A Haunting History to Explore

There is a famous scene in The Wizard of Oz when Dorothy and her clan are seeking an audience with the Wizard. Strange things happen and the Cowardly Lion, who was shaking from fear, kept saying “I do believe in spooks, I do believe in spooks”. That’s a slang term for ghosts. What about YOU? Do you believe in ghosts?

Rachel Lynch certainly thinks there is “something out there”, and she has a mountain of evidence. She is co-founder of First State Paranormal Investigations, a local company that does a lot of work for the Lewes Historical Society.

Let’s explore three instances that she’s recently cited.

  1. On a not so dark and stormy night, at the Lewes Historical Society, Lynch and a fellow investigator were setting up the cameras prior to an investigation. The only ones in the house, they heard what sounded like a weighted window slam shut. Able to play back a running recording, they could obviously hear the sound of the window slamming shut, although no windows were open at the time. Right before the slam, the sound is a man’s voice saying, “This isn’t your home!” One of Lynch’s teammates sent the tape off to a forensic audiologist who confirmed that the voice was in the male register and on a different wavelength than Lynch or her colleague, the other 2 voices on tape.
  2. During a private investigation at a Lewes home, Lynch’s team caught several EVPS (electronic voice phenomena) throughout the house. They were downstairs, talking about the home’s renovations and Lynch noted that there probably wasn’t anything left for the spirits to connect to. However, there was an old doll on a rocking chair in the attic that had been there since before the current owners moved in. When Lynch’s team reviewed the audio, they could hear a male voice, “A chair. There is – it’s a chair.” (NOTE: Two weeks later, before a complete review of the audio and prior to its reveal, one of the owners sent Lynch a photo they had found from a local 1974 publication that mentioned the haunted chair in the attic!)
  3. During a public investigation at the Lewes Historical Society, a guest asked if there was a captain of a ship present. Lynch said the spirit box replied, “Fairmont.” Unfamiliar with any ship called Fairmont, she did some research. “The Fairmont was a steamship, built in 1917 by the New York Ship Building Company out of Camden, N.J.,” she said. “The odds of a captain of that ship coming into Lewes are extremely possible – and this is something we did not know until it came through a spirit box during an investigation!”
NOTE: A spirit box is a piece of equipment used during certain paranormal investigations to enable spirits to communicate with humans. The equipment Lynch’s team uses depends on the location they are investigating and there is a variety of devices available.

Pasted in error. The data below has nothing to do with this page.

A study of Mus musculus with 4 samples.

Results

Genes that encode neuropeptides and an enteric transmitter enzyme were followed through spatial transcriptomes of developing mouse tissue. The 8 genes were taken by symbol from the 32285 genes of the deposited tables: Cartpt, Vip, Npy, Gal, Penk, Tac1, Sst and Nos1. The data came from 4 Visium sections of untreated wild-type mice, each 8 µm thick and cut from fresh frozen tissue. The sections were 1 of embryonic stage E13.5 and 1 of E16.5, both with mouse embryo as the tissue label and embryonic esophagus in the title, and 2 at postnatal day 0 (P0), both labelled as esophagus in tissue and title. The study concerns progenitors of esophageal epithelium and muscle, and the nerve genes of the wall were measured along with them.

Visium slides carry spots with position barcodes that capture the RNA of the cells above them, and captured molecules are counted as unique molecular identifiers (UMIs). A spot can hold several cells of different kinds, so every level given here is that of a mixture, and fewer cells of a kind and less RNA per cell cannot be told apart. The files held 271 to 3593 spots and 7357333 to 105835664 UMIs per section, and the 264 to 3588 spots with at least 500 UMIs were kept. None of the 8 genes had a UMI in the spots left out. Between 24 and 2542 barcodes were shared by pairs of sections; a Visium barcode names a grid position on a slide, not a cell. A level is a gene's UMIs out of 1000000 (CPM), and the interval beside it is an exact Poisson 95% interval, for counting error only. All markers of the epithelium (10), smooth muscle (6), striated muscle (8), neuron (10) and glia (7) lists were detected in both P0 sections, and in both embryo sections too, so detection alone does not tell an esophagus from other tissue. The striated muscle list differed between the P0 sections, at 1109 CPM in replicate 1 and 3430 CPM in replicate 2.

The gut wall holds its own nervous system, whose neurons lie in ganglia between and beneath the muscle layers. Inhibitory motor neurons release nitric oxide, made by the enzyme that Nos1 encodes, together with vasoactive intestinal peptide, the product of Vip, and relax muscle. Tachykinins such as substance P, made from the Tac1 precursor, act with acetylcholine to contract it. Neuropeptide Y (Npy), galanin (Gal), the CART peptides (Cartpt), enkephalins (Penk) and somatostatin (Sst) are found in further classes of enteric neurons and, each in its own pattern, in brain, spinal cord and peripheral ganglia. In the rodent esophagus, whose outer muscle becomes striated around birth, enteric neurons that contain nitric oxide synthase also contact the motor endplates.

She and members of her team have received certification from college courses on conducting paranormal investigations, completing fieldwork and interning under other paranormal investigators. Lynch also is a tour guide for the Lewes Legends tour and lead for the Paranormal Investigations Tour (see all LHS tours). (NOTE: The Haunted Histories Paranormal Investigations tour is so popular, it’s sold out for the season already.) She can also be found bartending at the Society’s monthly First Friday at the Sussex Tavern. If you haven’t visited these and other Society events–you’re in for a treat!

There are many more Delaware Ghost Stories throughout the state. Whether you believe in ghosts or not, consider celebrating Halloween on October 23rd, at the Kalmar Nyckel Foundation Shipyard for the 5th Annual Halloween Ghostship event from 12 noon – 4 pm. It’s a family event. Kalmar Nyckel is Delaware’s premier 141-foot long Tall Ship.

Costumes are encouraged. There will be ghost ship tours, Halloween-themed arts and crafts, face painting and a costume parade. Snack will be available for purchase.

Mary Jo Tarallo spent much of her career in public relations with various non-profits and spent 40 years involved with the ski industry as a journalist, public relations director for a national trade association and as executive director of the Learn to Ski and Snowboard initiative. Prior to her ski industry involvement she worked for the Maryland International Center in Baltimore and United Way of Central Maryland. She won a Gold Award for TV programming for a United Way simulcast that starred Ophrah Winfrey. She has been cited for her work by numerous organizations. Mary Jo grew up in Baltimore, attended the University of Maryland and Towson University, lived in Washington, DC for 21 years and has been a full time resident of Rehoboth Beach and Milton since May 2019.